A study and opinion piece in the New England Journal of Medicine looks at the schedules given to medical residents and the impact of schedules on patient safety.

Medical error is rampant in the practice of medicine in America today.  Occurring at all levels of care, medical malpractice happens every day, oftentimes unnoticed, but sometimes with deadly serious consequences for patients and their families.

Resident physicians and their often-grueling work schedules are a prominent example used when discussing fatigue that leads to a host of medical errors.  In recent years, scheduling policies for first-year residents have gone back and forth in response to the public conversation about medical fatigue and medical error.

The new NEJM study looked at the length of shifts and the likelihood of medical error in shorter and longer shifts.  Over six facilities, researchers evaluated the impact of scheduling on pediatric resident physicians working in intensive care units. Results were obtained by direct observation, close surveillance, and chart review. Here is what they found:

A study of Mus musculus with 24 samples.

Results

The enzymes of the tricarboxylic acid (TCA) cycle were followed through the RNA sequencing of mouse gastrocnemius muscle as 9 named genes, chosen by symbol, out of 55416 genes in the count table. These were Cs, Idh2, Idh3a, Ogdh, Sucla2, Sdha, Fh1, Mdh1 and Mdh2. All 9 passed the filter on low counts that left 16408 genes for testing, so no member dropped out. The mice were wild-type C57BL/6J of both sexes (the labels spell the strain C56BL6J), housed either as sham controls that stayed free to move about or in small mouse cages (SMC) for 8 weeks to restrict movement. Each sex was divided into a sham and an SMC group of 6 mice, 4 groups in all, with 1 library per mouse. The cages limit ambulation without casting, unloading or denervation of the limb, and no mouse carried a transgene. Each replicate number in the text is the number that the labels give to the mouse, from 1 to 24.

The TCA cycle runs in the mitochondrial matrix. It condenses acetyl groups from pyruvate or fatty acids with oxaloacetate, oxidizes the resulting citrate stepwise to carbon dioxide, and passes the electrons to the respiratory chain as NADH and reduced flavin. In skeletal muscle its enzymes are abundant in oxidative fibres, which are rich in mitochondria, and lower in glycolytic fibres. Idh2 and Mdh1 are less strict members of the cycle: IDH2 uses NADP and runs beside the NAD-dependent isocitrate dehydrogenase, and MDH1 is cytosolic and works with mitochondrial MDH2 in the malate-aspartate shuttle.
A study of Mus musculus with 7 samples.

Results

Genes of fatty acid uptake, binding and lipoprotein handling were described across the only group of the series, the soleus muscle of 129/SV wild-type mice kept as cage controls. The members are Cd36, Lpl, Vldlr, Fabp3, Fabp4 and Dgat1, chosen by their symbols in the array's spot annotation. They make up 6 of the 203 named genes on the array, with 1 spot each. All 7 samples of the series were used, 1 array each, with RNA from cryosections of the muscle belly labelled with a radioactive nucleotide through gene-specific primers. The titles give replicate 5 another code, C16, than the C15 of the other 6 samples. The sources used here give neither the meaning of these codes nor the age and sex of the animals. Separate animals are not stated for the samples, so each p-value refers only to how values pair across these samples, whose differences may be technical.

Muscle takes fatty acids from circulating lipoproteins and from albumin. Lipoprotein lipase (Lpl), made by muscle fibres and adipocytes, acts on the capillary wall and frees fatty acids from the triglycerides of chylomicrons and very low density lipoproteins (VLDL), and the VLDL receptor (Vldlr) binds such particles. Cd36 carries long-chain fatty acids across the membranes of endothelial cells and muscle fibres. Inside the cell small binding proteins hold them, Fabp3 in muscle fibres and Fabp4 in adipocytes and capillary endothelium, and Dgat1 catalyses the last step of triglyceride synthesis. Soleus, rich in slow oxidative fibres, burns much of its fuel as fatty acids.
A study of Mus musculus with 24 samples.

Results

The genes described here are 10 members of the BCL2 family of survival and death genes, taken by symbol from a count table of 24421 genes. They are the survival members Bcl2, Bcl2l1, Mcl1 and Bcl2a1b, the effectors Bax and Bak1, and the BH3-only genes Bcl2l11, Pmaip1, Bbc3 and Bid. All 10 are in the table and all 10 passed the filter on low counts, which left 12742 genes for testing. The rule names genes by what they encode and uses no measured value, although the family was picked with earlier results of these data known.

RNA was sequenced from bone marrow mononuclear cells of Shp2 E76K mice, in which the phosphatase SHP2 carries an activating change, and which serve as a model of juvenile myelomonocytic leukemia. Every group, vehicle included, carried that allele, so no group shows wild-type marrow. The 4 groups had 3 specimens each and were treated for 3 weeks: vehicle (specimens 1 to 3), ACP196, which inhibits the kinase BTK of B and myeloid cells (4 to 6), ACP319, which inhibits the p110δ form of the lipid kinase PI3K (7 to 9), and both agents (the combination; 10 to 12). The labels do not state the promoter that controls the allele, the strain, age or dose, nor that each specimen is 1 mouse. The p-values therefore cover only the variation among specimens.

• Residents who worked controlled shifts of less than 24-hours had higher rates of preventable adverse events, made more medical errors, and had more near misses
  • Residents working 24-hour or more shifts made fewer medical mistakes despite working longer hours than those who worked less

Digging into the data, study authors found that the three sites with the highest number of errors also had the highest number of patients.  Although patient volume was not the focus of the study, it may not be the hour of the night that impacts medical error for residents, but how many patients a physician is driven to see that increases or decreases the number of medical mistakes made on any shift.

While these findings turned over enough data to find that higher patient volume may lead to increased medical error, it will always be true that fatigue and distraction contribute to mistakes and confusion.

Research continues into the ways and means to reduce medical mistakes made by physicians, and other healthcare providers, nursing staff, and institutions.  If you suffer medical negligence, speak with our legal team today.